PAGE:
Aracely Orozco, RN, has dedicated her career to helping underserved populations.
“I’ve been with the County for 19 years and that’s where I’m going to stay,” says Orozco, who works at Harbor-UCLA Medical Center. “This population represents me when I was little. My mom had two young children and no insurance and had to navigate the system.”
Orozco is enrolled in the UCLA School of Nursing’s Master of Science in Nursing (MSN) program, in the Acute Care Clinical Nurse Specialist pathway. But she hesitated before applying due to the financial burden.
“I had the dream to pursue this program, but I had to stop and consider whether I could afford it and whether it would leave me in so much debt afterwards. Would it be worth everything I would have to go through financially?”
Orozco received three scholarships from the School of Nursing, based both on merit as well as financial need. But that wasn’t enough to cover tuition, books and other expenses.
She applied for an Advanced Healthcare Practice Scholarship from the Department of Health Care Access and Information (HCAI). The state agency aims to expand equitable access to healthcare for all Californians, including ensuring that communities have culturally diverse and competent healthcare providers. It requires recipients to work in an underserved hospital for at least one year. The application process was simple and Orozco was already committed to working in such a setting.
She received the maximum scholarship amount, $25,000. That money will ease much of the stress she felt regarding school-related expenses.
“It’s not just tuition, but it’s also books, which are expensive. It’s the parking, which is over $100 per quarter. It’s the gas, it’s your lunch when you go to clinic or don’t have access to a refrigerator. It’s a lot of other things. This scholarship gives me peace of mind that when I finish school I’m not going into debt and my savings won’t be completely wiped out,” she says.
Director of Financial Aid Leonie Thomas notes the important role scholarships play in making education more affordable and accessible to a wider range of students. “While we are fortunate to have institutional funding courtesy of our generous donors and federal grants, external scholarships can help bridge the gap between a student’s financial need and the resources available from the School of Nursing. That extra aid can make attending school more affordable and reduce student reliance on loans.”
The School of Nursing provides an extensive list of resources on the External Scholarships web page. It includes general scholarships, those for specific populations or specializations as well as scholarship search tools and guides. One resource is the UCLA Graduate Education Portal, which lists more than 600 scholarships, grants, fellowships, and postdoctoral awards.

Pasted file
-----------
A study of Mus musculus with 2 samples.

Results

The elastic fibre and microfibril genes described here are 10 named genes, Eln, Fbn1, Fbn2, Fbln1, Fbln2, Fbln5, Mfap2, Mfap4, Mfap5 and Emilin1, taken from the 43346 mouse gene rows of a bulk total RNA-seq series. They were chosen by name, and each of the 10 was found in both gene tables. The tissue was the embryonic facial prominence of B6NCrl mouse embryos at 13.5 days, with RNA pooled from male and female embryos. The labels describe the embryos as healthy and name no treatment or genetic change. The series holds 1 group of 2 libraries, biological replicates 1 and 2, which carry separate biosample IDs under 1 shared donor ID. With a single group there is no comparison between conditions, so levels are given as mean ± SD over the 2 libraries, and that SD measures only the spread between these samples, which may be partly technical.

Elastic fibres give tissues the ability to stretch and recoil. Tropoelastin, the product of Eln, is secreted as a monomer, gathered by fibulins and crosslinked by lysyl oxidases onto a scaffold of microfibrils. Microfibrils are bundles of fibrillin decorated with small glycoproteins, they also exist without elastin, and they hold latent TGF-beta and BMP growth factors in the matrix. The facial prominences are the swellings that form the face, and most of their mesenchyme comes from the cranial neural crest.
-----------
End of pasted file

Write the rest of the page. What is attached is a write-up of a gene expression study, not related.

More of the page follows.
Thomas mentioned that a work-study student helping her review and update the External Scholarships web information found one to apply to herself. She earned a $10,000 scholarship as a result. Also, two other School of Nursing students received scholarships from HCAI, the agency that awarded funds to Orozco.
In addition to the financial benefits, external scholarships “can also recognize students’ achievements and talents and create collaborative partnerships that benefit the community,” says Thomas. “It can also lead to networking opportunities. When nursing students work with these organizations or donors, it creates a great professional development opportunity for them.”
Orozco knew she wanted to be a nurse from a young age. But her parents didn’t think it was possible. “I’m first generation. At that time, we didn’t know anybody else who had gone to college. We had no examples of people who looked like me working in a position that required a college degree.”
Fortunately, her high school’s adult school offered a free program to train licensed vocational nurses. “I had been accepted to multiple Cal States, but I didn’t have a way to pay for it. This program covered my tuition, uniform and books. That’s how my journey in nursing started.”
“It’s a beautiful profession,” she adds. “And it has so many opportunities to offer.” Orozco has worked with spinal cord injury patients, in a medical-surgical unit and in recuperative care, which teaches homeless individuals how to care for themselves and minimize rehospitalizations. Currently, she works in the Emergency Department, which she says is her passion.
“I was precepting with a nurse in the ER and she saw a person die. And as she left that room, another patient was about to give birth. So this nurse witnessed somebody being born and somebody dying the same day, moments apart. That’s what you get to see in the world of nursing.”
Orozco appreciates that the HCAI scholarship supported individuals like her, who have a passion for working with underserved populations. She feels grateful and fortunate to have received the scholarship and encourages others to consider applying.
Thomas hopes Orozco’s experience encourages other nursing students to seek and apply for external scholarships. “There are numerous funding opportunities available, and they can be more attainable than students might realize. That’s why I encourage every student to actively explore and pursue these resources.